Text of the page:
For years now, wearable electronics have been limited by the lack of longevity in certain batteries they draw power from. What’s more, these clunky conventional batteries often pose safety hazard risks in the form of toxic leakage and combustion. Now, Stanford University researchers have developed a battery that’s simultaneously solid and stretchable, all while being far safer for storing power than the conventional batteries currently on the market.
Led by Chemical Engineering Professor Zhenan Bao and Materials Science Engineering Professor Yi Cui, the Stanford researchers first published their work in the Nature Communications journal, highlighting their prototype battery’s use of a special plastic polymer electrolyte characterized by “unprecedented toughness and high ionic conductivity.” Implementing a supramolecular ion conductor, this prototype’s binding material allowed for more elasticity. Hence, the research team’s thumbnail-sized battery proved extremely effective as a solid, malleable, and highly capable conveyor of electric charge. On top of that, laboratory tests revealed that the battery’s experimental design delivered a consistent power output, no matter what shape or size it was squeezed, folded, or stretched into.
By contrast, conventional lithium-ion batteries — which power electric cars, grid-level storage, and personal electronics — tend to utilize combustible liquid electrolytes, or flowable gels. Their highly flammable nature commonly leads them to leak or catch fire, making them “culpable for the majority of recent catastrophic battery fires.” These disadvantages have to be addressed to meet the performance demands of today’s wearable technology, and to ensure the safety of its many users.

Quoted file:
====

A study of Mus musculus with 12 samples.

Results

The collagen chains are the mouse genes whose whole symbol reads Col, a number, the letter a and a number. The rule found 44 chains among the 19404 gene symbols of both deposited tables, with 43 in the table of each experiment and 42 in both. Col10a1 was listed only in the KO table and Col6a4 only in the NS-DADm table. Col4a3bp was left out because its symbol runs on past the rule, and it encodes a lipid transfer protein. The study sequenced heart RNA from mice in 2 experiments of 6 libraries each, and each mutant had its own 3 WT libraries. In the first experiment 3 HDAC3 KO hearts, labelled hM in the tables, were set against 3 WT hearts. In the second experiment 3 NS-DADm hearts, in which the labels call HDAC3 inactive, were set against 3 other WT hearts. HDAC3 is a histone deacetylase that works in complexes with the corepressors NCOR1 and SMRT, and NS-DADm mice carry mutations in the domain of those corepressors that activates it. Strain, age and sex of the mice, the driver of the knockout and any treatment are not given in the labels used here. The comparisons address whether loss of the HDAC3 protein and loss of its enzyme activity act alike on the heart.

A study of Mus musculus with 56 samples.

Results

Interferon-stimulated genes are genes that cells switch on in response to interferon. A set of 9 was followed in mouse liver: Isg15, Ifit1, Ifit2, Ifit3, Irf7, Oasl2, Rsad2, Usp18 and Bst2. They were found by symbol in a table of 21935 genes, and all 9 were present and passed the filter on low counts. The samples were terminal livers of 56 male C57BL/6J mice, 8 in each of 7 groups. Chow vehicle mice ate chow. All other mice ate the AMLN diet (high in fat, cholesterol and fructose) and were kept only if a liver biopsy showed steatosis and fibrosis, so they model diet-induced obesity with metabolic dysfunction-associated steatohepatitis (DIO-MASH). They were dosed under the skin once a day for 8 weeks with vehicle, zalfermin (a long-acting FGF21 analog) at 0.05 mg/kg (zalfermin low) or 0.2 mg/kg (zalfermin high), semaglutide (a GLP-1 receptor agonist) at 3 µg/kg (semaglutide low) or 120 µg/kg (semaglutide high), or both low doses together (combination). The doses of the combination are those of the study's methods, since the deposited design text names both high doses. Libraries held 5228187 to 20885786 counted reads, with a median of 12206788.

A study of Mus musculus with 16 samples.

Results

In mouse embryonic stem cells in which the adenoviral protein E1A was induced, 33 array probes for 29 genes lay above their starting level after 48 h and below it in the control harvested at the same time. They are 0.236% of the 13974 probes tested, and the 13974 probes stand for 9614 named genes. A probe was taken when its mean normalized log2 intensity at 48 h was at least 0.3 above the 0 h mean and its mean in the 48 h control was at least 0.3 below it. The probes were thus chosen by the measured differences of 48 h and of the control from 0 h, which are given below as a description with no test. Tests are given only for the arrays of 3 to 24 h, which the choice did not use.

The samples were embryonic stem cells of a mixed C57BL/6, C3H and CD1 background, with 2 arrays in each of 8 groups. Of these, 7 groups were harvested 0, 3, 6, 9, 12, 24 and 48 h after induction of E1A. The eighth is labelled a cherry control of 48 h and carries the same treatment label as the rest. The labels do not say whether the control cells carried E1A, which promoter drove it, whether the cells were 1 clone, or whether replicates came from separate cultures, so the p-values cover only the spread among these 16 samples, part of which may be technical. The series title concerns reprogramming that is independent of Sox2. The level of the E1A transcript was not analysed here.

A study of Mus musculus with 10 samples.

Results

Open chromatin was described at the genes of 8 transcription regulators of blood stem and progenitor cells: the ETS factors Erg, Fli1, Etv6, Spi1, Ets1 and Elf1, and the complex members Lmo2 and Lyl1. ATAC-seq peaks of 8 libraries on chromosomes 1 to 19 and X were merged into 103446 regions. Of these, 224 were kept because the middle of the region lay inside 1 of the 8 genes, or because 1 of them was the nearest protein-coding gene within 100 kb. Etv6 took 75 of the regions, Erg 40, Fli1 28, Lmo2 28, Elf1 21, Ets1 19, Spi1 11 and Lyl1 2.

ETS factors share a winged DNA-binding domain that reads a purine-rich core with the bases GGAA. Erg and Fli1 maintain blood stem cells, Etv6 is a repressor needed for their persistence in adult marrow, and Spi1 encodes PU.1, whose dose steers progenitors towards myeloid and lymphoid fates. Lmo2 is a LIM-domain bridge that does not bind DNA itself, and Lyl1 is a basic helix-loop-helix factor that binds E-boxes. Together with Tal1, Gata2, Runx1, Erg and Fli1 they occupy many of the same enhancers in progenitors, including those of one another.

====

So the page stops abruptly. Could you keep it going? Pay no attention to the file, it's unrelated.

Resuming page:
The Stanford team’s thumbnail-sized prototype overcomes these challenges and is already expected to transform the wearable electronics experience, especially when it comes to products that interface directly with the human body. As the team notes in their Nature Communications piece, “The method reported here of decoupling ionic conductivity form mechanical properties opens a promising route to create high-toughness ion transport materials for energy storage applications.”
As Bao explained further: “Until now, we haven’t had a power source that could stretch and bend the way our bodies do, so that we can design electronics that people can comfortably wear.”
Another anticipated application of Stanford’s stretchable battery is its future development as a power source for health-monitoring sensors. Such sensors are designed to stickily cling to the skin as a means of tracking heart rate, respiration, temperature, and other vital signs. Bao’s own BodyNet wearable technology, for instance, makes extensive use of adhesive sensors to pick up physiological indicators or signals emanating from the wearer’s dermal and epidermal skin layers. These signals are then wirelessly transmitted as health readings to a receiver.
Ultimately, it’s hoped this new stretchable battery can power wearables without interfering with a person’s normal behavior, making them more unobtrusive, safer, and a lot more comfortable.